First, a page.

As more companies work toward gender equality, transparency in reporting and disclosure of social data may be on the rise. A record number of companies disclosed their data for this year’s Bloomberg Gender-Equality Index (GEI), according to a report released Jan. 27. GEI companies had a 94% disclosure score on average, according to Bloomberg. However, the data indicated there’s still need for improvement on advancing equity, the report found.

Automatic Data Processing Inc. (ADP), Chipotle, DuPont, Ford Motor Company, Prudential and Hewlett Packard Enterprise are some of the U.S. companies listed in the GEI index, which included 380 publicly-listed companies headquartered across 44 countries. Although companies on the index are advancing in transparency, the average data excellence score was 55%, “making it evident there is still work that needs to be done,” according to Bloomberg. The data excellence score is evaluated across five categories: female leadership and talent pipeline, equal pay and gender pay parity, inclusive culture, sexual harassment policies, and pro-women brand. On average, 39% of revenue-producing roles at the companies were held by women, and just over half (52%) of companies required a gender diverse slate of candidates for management positions, according to the report. On average, women make up 29% of GEI board membership.

The greater majority of the companies included in the index provide flexible working hours, and offer flexible working locations. The data provided was from fiscal year 2019, indicating that companies were considering more workplace flexibility prior to the coronavirus pandemic, according to the report. The majority (69%) of companies had a strategy for recruiting women, and more than half (59%) conducted a global gender-based compensation review. After parental leave, 85% of employees, on average, remain at the companies on the index and just under half (46%) of the employers provided childcare subsidies or other financial support. The data also shows that inclusive corporate policies are benefiting communities, according to Bloomberg. More than half (60%) of companies on the index sponsor financial education programs for women, while 64% sponsor programs dedicated to STEM education programs for women.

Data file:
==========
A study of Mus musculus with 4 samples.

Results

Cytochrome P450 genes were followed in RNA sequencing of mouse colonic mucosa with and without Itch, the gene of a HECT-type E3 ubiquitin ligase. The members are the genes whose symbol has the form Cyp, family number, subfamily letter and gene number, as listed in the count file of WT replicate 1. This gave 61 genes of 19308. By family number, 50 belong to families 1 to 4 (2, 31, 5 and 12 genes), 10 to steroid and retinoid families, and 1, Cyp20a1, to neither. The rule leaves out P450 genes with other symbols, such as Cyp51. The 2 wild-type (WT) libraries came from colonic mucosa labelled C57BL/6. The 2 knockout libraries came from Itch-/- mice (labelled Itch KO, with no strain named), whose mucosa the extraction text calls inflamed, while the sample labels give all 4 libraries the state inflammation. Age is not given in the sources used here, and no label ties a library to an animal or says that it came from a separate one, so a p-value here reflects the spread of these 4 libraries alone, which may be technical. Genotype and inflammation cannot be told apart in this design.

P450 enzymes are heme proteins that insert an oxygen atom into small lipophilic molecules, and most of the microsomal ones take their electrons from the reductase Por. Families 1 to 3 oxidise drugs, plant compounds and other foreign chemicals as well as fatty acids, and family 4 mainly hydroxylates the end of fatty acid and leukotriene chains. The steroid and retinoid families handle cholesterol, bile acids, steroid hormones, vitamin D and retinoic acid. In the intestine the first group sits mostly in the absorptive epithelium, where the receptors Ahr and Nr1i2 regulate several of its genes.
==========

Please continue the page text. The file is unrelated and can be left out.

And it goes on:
Amid the pandemic and heightened calls for social justice and equity in 2020, many companies began to affirm commitment to diversity, equity and inclusion (DEI) and made pledges to support underrepresented communities.

The GEI index also increases the depth of environmental, social and governance (ESG) company data available to investors, according to Bloomberg. “As we continue to grapple with the pandemic, we’ve seen companies put increased emphasis on the ‘S’ in ESG,” Peter T. Grauer, chairman of Bloomberg, said in a statement.

Employees expect companies to make positive impacts in the workforce and in the communities they serve, according to industry experts. The work of DEI professionals in 2021 may include increased coordination with corporate social responsibility (CSR) teams, as the events of 2020 heightened a movement of business leaders that seek to make serving communities a priority. For example, the Business Roundtable updated its statement of purpose in August 2019, which was signed by more than 180 CEOs, to shift the focus of business from solely profits to people. The purpose of a corporation is to promote an “economy that serves all Americans,” the statement said, in part.

The business leaders involved in the roundtable “were committing to not only lead their companies on behalf of shareholders, but also consider employees, suppliers, customers and communities,” Grace Suh, vice president of education at IBM said in a recent interview. At IBM, business teams, employees and external partners are the stakeholder groups that comprise its CSR co-creation model.

An increase in transparency in reporting gender equity practices supports inclusion, according to Bloomberg’s report. Companies must also provide pay transparency to address the gender wage gap, according to a December report from the National Bureau of Economic Research. It should not be expected that pay transparency will eliminate all gender differences; however, “the literature points to it as an effective first step organizations and governments can take if they wish to reduce gender differences in labor-market outcomes,” the report found.